Facts + humour


We follow Scrum at work. People have modified Scrum and several flavours are available. Scaled Agile Delivery is interesting. We are not process maniacs, we skip few things when the team agrees.

Close to three-fourths in our team has less than five years of experience in software development. They are energetic and they want to learn everything. I deviate from this opinion because I believe in making smaller teams that are good in one area or two at the max. We discussed this in length but I am not sure what is going to come in the next sprints. I note quotes and wordings from movies; these lines from The Incredibles came to my mind when I was preparing for our discussion.

And when everyone’s super…no one will be.

Translating this into software development, my words were “if everyone is an expert, no one really is“.

While we are discussing about movies, I want to quote another of my favourite from Ratatouille.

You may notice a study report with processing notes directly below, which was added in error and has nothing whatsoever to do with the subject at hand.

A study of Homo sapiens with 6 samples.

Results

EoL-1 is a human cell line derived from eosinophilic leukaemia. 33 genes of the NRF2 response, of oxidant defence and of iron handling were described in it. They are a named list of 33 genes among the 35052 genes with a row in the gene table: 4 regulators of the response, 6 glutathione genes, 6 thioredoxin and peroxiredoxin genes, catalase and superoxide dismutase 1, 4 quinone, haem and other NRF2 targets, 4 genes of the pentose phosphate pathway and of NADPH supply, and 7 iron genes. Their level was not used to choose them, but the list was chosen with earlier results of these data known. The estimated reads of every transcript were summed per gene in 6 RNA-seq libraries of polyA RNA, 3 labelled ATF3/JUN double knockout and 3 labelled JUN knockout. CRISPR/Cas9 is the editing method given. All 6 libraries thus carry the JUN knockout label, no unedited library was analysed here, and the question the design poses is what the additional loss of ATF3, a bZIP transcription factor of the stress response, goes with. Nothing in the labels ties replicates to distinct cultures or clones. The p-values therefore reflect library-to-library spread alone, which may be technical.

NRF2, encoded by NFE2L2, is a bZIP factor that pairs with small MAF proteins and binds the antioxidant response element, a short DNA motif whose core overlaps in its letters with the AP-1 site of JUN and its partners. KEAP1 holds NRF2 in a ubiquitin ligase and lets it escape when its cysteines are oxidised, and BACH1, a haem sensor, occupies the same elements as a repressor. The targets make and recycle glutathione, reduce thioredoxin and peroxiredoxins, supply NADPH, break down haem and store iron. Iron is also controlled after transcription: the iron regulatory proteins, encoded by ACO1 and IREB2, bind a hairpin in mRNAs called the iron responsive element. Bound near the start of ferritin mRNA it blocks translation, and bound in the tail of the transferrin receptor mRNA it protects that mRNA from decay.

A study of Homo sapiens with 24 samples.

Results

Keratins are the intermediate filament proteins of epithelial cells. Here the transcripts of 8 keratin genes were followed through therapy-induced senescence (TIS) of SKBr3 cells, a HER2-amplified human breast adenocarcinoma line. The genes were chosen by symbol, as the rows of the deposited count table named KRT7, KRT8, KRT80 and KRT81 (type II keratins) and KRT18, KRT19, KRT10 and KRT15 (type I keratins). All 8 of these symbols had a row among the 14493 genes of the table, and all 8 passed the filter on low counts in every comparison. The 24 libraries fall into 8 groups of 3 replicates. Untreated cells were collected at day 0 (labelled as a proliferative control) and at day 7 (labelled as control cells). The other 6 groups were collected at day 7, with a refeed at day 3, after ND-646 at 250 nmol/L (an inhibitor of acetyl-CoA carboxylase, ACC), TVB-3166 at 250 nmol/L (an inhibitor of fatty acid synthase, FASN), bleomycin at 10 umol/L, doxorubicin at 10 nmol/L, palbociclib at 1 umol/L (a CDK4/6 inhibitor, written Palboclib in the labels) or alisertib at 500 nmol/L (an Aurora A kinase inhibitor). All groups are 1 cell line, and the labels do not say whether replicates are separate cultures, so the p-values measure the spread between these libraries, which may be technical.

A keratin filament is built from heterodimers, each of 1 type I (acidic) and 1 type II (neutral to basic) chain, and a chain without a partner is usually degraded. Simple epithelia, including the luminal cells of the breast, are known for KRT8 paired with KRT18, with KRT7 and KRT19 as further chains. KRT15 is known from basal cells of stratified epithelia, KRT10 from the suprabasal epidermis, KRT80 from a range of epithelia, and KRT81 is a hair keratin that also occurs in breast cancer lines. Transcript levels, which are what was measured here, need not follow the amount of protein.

In many ways, the work of a critic is easy. We risk very little, yet enjoy a position over those who offer up their work and their selves to our judgment. We thrive on negative criticism, which is fun to write and to read. But the bitter truth we critics must face, is that in the grand scheme of things, the average piece of junk is probably more meaningful than our criticism designating it so. But there are times when a critic truly risks something, and that is in the discovery and defense of the *new*. The world is often unkind to new talent, new creations. The new needs friends. Last night, I experienced something new: an extraordinary meal from a singularly unexpected source. To say that both the meal and its maker have challenged my preconceptions about fine cooking is a gross understatement. They have rocked me to my core. In the past, I have made no secret of my disdain for Chef Gusteau’s famous motto, “Anyone can cook.” But I realize, only now do I truly understand what he meant. Not everyone can become a great artist; but a great artist *can* come from *anywhere*. It is difficult to imagine more humble origins than those of the genius now cooking at Gusteau’s, who is, in this critic’s opinion, nothing less than the finest chef in France. I will be returning to Gusteau’s soon, hungry for more.